This week, Jen Newton reveals her arch enemy and the compound that helps her fight it.
Ground elder is my nemesis. No matter how much time I spend weeding this thug of a plant, it always comes back. So I’m driven to reach for the Roundup. I’m in good company for Roundup is the world’s bestselling weedkiller.
Roundup’s active ingredient is glyphosate. Its herbicidal activity was discovered by John Franz in 1970 while working for agricultural biotechnology company Monsanto, based Missouri in the US. The chemical itself was discovered 20 years earlier by Swiss chemist, Henri Martin, at the pharmaceutical company Cilag.
Glyphosate’s weed killing activity only came to light when Monstanto scientists were testing different compounds as potential water-softening agents. Two molecules closely related to glyphosate were found to have some herbicidal activity against perennial weeds so Franz then synthesised derivatives of those two compounds and quickly discovered glyphosate to be a potent herbicide. Monsanto patented glyphosate in the 1970s and retained exclusive rights to its use until the patent expired in September 2000.
The discovery of glyphosate had an incredible effect on the agricultural community, allowing farmers, as well as anyone with a garden, to easily and effectively control the growth of weeds. A huge number of glyphosate containing herbicides are now available. In fact, there are over 750 products containing glyphosate for sale in the US. It’s used in all sorts of places – agriculture, forestry, lawns and gardens, even products for controlling aquatic plants contain glyphosate. It is also used extensively in controversial programmes to eradicate drug producing plants such as coca, opium poppies and marijuana. As a non-selective weed killer, it will kill any plant it touches, and many gardeners will tell you how they have noticed mysterious yellow footprints across their lawn, only to realise they must have accidentally gotten weed killer on their shoes.
A condensation reaction known as the Mannich process is the most widely used and most widely developed method for its synthesis. On its own, glyphosate is not water soluble enough to be easily sprayed and taken up by the plant, so in many commercial products it is found as a soluable salt, often an ammonium salt or an isopropyl amine salt.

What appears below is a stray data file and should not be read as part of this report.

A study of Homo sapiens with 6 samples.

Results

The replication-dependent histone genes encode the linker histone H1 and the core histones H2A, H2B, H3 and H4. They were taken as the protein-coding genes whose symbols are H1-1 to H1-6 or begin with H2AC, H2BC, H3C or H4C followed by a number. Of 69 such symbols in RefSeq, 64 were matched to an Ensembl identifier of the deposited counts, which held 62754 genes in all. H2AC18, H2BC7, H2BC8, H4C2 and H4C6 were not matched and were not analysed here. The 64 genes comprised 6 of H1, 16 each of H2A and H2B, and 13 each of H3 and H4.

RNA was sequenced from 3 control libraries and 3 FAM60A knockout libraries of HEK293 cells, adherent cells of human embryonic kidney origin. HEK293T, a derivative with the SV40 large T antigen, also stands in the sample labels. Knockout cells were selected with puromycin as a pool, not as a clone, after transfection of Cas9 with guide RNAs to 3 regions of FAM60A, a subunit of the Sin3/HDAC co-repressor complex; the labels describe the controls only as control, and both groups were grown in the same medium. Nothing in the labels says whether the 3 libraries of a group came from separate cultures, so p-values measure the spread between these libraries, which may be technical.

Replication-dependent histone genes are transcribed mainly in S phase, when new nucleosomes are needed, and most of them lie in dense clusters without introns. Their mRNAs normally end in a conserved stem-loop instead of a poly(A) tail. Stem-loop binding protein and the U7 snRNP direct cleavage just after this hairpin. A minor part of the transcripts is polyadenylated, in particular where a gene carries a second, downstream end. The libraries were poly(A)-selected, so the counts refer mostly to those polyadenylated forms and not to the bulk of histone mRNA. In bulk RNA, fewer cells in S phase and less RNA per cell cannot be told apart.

Glyphosate imparts its lethal effect on plants by inhibiting an enzyme called 5-enolpyruvylshikimate-3-phosphate synthase, or EPSP synthase for short. This enzyme is central to the penultimate step in the shikimate pathway, which is essential for the biosynthesis of aromatic amino acids like tryptophan, tyrosine and phenylalanine. A third of plant matter is estimated to consist of aromatic compounds derived from shikimate so it is easy to see why interfering with this vital biosynthetic pathway is a death sentence to plants.
The shikimate pathway is present in plants and bacteria but absent in mammals meaning humans can safely use glyphosate and eat plants that have been treated with it. Having said that, it is toxic in acute high doses, so it is still important to take the necessary precautions detailed on the bottle.
Glyphosate weed killers are applied directly to visible weeds. It is translocated via the plant’s phloem to meristematic tissue, underground storage organs and stem apicies. By disrupting such an important pathway in a wide range of plant tissues, glyphosate is able to control established perennial weeds as well as annual weeds.
Monsanto have since created glyphosate-resistant crops, so-called Roundup-Ready varieties of commercial crops, by inserting a gene derived from a petunia that produces large amounts of EPSP synthase into plants like soybeans, cotton, canola, and corn. The modified crops can produce enough EPSP synthase to overcome the inhibition that glyphosate causes, allowing farmers to spray Roundup directly on their fields, thus destroying every weed and plant except their Roundup-Ready crop. Since glyphosate-resistant crops offer the promise of a cheaper and simpler weed management process, farmers have adopted these crops at such an alarming rate that they now cover over tens of millions of acres worldwide.
So glycosphate and engineered crops have allowed for a dramatic change in farming practices, but not without some concerns. Very few studies have tested whether cross pollination between transgenic glyphosate resistant crops and their weedy relatives may result in super weeds, which could become rampant in a field of otherwise monocultured GM crops. Research is also underway to ascertain the effect of glyphosate on human health, as although its toxicity is well known, there is some concern about disruption of particular hormone systems. And, as with anything that can change our landscape so dramatically, research is ongoing into the true impact on the wider environment.
Chemistry World’s Jen Newton there, with the lethal chemistry of glyphosate. Next week, an unappreciated compound.
Many simple inorganic compounds, such as sodium chloride or iron oxide are familiar enough, but boron nitride – just one boron atom to one of nitrogen – has far less visibility than it deserves. It is a superbly useful compound, perhaps the best kept secret in all of chemistry.
Find out why by joining Brian Clegg in next week’s Chemistry in its Element. Until then, thank you for listening, I’m Meera Senthilingam.